Alcoholics Anonymous, mental health providers find creative ways to deliver services during pandemic

As social distancing measures are enforced to fight the spread of the coronavirus, community groups providing addiction and mental health support are finding new ways to deliver their services.

While many offices are closed, services are still being offered in a modified format during COVID-19 outbreak

Support groups are finding alternatives to in-person meetings, as social distancing is encouraged to help stop the spread of the coronavirus. (Image Point Fr/Shutterstock)

Alcoholics Anonymous usually relies on face-to-face meetings to help those who are strugging with addiction.

But hundreds of people who rely on the organization's support groups run are finding new and creative ways to connect during the social distancing forced by the COVID-19 pandemic.

Richard, who doesn't want his last name used, is chair of the Manitoba General Service Assembly for AA, which includes about 150 to 170 groups throughout Manitoba — just over 35 of them in Winnipeg.

He says about 30 of the groups have cancelled in-person weekly meetings for different reasons. For some it's social distancing. For others, it is members' underlying health issues.

And in some cases, meetings have been cancelled because the venue in which they are held, such as church or community centre, has been forced to close.


"We are calling them 'virtual meetings,' so they are using platforms like Zoom or Skype … to have meetings that way," he said. 

"I know one group that is meeting just through email. They post a topic on a Sunday and members would reply to that topic throughout the week. And of course, there are the phone calls and text messaging."

Others are even taking advantage of the opportunity to connect online with groups in other cities, such as Calgary or Kamloops.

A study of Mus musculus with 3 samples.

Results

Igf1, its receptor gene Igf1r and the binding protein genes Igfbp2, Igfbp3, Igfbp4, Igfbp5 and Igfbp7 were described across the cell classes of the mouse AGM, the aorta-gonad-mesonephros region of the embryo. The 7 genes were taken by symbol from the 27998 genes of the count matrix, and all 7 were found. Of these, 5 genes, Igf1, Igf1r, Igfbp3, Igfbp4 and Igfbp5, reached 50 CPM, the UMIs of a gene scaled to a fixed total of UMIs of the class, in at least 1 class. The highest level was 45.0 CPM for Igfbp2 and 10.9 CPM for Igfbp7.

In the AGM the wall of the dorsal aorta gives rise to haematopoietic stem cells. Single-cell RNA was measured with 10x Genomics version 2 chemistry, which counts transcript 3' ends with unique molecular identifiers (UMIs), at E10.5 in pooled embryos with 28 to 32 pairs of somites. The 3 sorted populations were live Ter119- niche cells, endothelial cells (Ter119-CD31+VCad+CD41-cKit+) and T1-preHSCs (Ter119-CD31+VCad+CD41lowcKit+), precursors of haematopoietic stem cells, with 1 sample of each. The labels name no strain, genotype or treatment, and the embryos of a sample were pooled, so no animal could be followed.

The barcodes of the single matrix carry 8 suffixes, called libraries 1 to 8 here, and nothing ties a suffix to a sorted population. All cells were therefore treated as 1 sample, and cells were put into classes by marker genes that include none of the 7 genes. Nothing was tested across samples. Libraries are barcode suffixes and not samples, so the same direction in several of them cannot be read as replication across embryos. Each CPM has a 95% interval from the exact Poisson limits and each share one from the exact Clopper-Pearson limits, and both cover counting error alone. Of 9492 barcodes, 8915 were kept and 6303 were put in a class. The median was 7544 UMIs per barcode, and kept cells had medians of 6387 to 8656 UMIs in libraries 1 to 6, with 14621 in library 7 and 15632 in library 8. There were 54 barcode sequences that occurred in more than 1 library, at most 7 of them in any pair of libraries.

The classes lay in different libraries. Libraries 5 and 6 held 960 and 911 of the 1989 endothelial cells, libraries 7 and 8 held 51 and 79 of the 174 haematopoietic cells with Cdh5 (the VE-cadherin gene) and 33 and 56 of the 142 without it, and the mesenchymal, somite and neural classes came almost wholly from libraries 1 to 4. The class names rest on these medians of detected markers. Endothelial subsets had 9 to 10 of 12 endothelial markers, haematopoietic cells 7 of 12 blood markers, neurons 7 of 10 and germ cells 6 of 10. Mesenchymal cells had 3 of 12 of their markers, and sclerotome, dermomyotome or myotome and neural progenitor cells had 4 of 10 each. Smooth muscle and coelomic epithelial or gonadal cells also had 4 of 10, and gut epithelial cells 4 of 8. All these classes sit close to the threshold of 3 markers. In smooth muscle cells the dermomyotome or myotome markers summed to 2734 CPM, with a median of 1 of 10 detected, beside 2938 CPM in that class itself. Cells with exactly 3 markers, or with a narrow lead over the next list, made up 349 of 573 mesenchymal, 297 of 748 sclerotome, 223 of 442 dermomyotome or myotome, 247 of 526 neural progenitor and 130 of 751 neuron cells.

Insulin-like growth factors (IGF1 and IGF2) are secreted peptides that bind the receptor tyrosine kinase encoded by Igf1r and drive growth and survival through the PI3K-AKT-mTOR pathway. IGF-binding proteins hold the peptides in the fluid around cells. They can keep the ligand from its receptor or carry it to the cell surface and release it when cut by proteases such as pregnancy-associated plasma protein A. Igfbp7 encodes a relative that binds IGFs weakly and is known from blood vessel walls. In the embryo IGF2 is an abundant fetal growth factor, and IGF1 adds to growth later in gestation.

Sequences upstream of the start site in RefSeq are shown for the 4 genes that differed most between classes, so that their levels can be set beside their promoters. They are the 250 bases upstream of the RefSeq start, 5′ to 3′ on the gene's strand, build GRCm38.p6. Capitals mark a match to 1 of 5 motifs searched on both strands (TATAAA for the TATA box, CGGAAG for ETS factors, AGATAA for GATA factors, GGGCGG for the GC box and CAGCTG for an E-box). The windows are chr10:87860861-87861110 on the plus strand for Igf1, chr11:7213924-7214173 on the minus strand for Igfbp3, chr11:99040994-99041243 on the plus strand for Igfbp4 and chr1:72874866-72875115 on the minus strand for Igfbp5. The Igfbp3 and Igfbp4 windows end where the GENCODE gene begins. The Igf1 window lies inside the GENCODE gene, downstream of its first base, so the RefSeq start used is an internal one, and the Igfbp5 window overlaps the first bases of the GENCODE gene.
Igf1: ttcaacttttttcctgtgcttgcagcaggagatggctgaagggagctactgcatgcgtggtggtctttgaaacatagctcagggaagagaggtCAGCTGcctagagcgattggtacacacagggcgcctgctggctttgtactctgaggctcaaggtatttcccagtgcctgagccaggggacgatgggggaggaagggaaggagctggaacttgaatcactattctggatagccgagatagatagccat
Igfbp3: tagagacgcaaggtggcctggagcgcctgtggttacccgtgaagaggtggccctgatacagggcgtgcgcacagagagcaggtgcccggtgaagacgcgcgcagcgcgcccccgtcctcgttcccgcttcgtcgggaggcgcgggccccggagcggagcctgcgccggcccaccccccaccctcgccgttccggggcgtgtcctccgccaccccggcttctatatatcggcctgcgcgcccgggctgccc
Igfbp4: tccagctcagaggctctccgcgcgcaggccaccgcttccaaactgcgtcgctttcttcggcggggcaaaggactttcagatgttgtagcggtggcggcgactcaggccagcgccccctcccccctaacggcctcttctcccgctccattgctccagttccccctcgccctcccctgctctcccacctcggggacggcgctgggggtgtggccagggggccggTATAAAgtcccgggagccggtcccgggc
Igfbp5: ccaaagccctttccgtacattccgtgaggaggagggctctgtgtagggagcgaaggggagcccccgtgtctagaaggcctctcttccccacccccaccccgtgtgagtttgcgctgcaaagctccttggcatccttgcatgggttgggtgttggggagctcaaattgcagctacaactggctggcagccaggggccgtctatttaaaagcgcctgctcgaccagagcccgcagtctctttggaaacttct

"In an odd way, despite feeling isolated, this pandemic is connecting us in ways we haven't been connected before," Richard said.

He continues to run an in-person meeting in a room reconfigured to respect social distancing. 

Groups are smaller, reduced from the usual 15 to under 10. But he admits the change is more difficult for people who recently joined a group than for those who are already solid in their sobriety.

"It could be tricky for newcomers. How are they going to manage?" he said.

"I have a few I am keeping in closer touch with outside of the meeting, maybe checking in with them every couple of days."

'Wear and tear' on mental health

The longer the pandemic continues, the more Marion Cooper says a psychosocial response to COVID-19 will be needed.

She is the executive director of the Manitoba division of the Canadian Mental Health Association.

"It will have to start to have its wear and tear on people, on their mental health," said Cooper.

While she can't quantify the increase, but says she's seen a definite spike in the number of people with anxiety and depression being referred by their primary caregiver for cognitive behaviour coaching.

That coaching is now being done over the telephone.



Her organization has ramped up its social media presence, offering more strategies for people to take care of their mental health, she said.

While the association's main office is closed, Cooper says people are still working inside and no one will be turned away. 

Other groups, such as the Mood Disorders Association of Manitoba and the Anxiety Disorders Association of Manitoba, have postponed group meetings and programs for the time being.

Cooper says in-person sessions are still happening for those in critical need, but those sessions are briefer and observe social distancing recommendations.

"We are doing a lot of creative approaches to help people get what they need right now. We are still offering one-on-one in a modified format," she said. 

And while health experts are suggesting the pandemic may go for several more weeks, if not months, Cooper has some advice for the long haul.

"Get enough sleep. Stay connected with family and friends. Create new routines. Exercise at home. Go for a walk or a run. Make sure you deal with your emotions around this pandemic in a healthy way, not using alcohol or drugs," she said.

"If you are feeling overwhelmed, reach out for help."